I confess, I'm a Craigslist scrounge. Much of my yard is composed of structures made out of free building material acquired from ads on the CL. I also regularly monitor the free classified ad site with the keyword, 'lapidary.' In fact, most of my lapidary equipment has been purchased from Craigslist.
Recently I saw an ad titled, 'Bucket Sale.' No, they weren't selling buckets, rather it was BYOB and stuff it with as many rocks as you can, and haul it away for a mere $30. You don't have to ask me twice. Even though the location was out in Queen Creek, which is exactly the furthest point from my location across the metro area, I was willing to invest an hours' worth of gasoline for the chance at some lapidary rough that I didn't already have.
Estate sales are of special interest to rockhounds. With quality material in the wild disappearing to private/govt. property, along with the never ending spread of the civilization virus, fewer and fewer gathering sites are available. This forces us rockhounds to alternate sources. Commonly referred to as 'old stock' this is lapidary rough that has been squirreled away by old timers who were able to rockhound during the hayday of open lands and endless frontiers. Most rock hoarders don't relinquish their grip until they are dead, leaving their surviving family to 'dispose' of their piles.
This particular sale was potentially one of those old stock situations.
Note that estate sales usually have many barriers, mostly they are snapped up by a few well-connected buyers who use their networking skills to pounce after the old-timer finally kicks the bucket. In other words, you usually don't see 'lapidary estate sale' listed in the newspaper, excluding most of us. They buy for pennies per pound and re-sell the material on eBay or Tucson or Quartzite at a handsome profit.
The ad reported 70 to 80 tons of prime lapidary material which was a pile that I simply had to see. I tossed 3 empty buckets in the back of the grocery getter and set out across the great Phoenix metro.
I hadn't been to Queen Creek in years, and last I had seen it, it was a lot of open desert. Flat with the territorial creosote for as far as you could see, leading up to the San Tan mountains (hills) to the east. That expanse of land was now a checkerboard of McMansion neighborhoods, homes made out of ticky tacky. The bucket sale was at an older home in a quadrant of horse properties. Likely built and occupied by folks who appreciated open vistas and probably wouldn't like being surrounded by new housing developments.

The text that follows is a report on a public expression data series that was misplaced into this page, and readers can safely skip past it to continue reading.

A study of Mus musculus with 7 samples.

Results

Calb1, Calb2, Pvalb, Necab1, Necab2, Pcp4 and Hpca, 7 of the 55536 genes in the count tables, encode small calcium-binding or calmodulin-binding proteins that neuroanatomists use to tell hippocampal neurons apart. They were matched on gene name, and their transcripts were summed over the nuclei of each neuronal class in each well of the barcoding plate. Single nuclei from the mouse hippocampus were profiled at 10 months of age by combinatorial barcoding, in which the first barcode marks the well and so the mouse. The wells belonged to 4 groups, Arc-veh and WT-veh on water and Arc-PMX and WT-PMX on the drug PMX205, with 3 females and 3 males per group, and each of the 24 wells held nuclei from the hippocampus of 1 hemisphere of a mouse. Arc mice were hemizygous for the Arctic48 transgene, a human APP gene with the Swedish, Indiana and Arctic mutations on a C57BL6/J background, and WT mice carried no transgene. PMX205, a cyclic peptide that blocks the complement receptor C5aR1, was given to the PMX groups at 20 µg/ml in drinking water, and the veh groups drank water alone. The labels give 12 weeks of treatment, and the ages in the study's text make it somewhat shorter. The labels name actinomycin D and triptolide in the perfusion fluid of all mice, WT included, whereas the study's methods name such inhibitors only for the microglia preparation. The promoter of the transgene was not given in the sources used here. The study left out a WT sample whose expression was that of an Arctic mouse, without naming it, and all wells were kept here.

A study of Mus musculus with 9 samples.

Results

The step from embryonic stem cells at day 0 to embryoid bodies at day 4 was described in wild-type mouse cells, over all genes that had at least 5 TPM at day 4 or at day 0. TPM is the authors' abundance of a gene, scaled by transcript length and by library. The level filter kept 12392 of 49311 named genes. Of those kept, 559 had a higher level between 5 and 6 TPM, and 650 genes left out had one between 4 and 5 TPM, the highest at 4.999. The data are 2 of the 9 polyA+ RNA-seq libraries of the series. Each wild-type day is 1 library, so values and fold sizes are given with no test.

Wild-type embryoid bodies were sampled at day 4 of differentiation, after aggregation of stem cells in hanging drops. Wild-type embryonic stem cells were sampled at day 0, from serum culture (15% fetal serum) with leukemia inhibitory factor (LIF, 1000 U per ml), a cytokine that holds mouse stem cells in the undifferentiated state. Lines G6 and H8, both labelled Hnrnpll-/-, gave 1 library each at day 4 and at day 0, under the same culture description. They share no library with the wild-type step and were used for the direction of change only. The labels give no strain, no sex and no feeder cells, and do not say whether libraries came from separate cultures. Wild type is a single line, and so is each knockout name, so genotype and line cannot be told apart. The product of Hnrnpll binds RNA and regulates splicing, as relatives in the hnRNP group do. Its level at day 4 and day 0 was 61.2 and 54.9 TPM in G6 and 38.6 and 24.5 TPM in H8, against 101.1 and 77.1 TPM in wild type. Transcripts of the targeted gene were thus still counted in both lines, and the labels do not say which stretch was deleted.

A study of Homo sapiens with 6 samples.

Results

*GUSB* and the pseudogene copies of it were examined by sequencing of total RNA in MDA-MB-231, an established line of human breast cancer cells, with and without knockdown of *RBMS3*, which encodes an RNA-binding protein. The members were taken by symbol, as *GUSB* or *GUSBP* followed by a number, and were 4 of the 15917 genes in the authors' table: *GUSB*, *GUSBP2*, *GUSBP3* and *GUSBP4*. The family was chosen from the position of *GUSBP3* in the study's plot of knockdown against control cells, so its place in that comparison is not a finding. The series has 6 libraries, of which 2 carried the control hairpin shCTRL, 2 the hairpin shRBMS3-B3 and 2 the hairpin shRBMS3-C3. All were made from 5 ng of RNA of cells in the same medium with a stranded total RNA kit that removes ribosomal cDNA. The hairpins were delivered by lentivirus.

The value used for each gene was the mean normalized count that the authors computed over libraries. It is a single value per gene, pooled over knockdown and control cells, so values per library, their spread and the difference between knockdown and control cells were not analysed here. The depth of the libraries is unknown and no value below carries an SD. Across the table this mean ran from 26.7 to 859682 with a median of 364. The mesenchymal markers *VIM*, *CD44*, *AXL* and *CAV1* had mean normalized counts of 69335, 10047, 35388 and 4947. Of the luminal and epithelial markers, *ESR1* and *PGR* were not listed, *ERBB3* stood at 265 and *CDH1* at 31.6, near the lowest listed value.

The driveway was lined with chunks of petrified wood and chrysocolla. The back yard was indeed littered with piles of imported stone. A few other people were already there chipping away at various micro digs in search of... something. There was indeed a lot of stone, but I found the variety to be disappointing. Lots of petrified wood and AZ jasper, and a few chunks of low grade chrysocolla. All the piles had been high graded (sifted for the good stuff).
I spoke with the man in charge who gave me the story. The man who had owned the house was a minerologist who had worked at several mines in Arizona, carting home some of his finds to fuel his lapidary hobby. The petrified wood was certainly old stock as it had come from land he had owned within the bounds of the petrified forest in northeast Arizona, prior to it becoming a protected national monument. With the owners gone to the opal mine in the sky, the house had recently been sold and the new owner was preparing to bulldoze the entire property. This bucket sale was the last of many such sales before everything got plowed.
As with every dig site, there's always something to be found. I managed to fill one of my buckets with interesting lapidary rough, but didn't feel the need to add to my already substantial pile of petrified wood. I think it would have been a bonanza to a rock hound not from Arizona, but for us locals, it was familiar material.
Satisfied with our find, the wife and I shared the bucket handle back to the car. We stopped at Cotton Jims for a burger before motoring back to our side of the valley.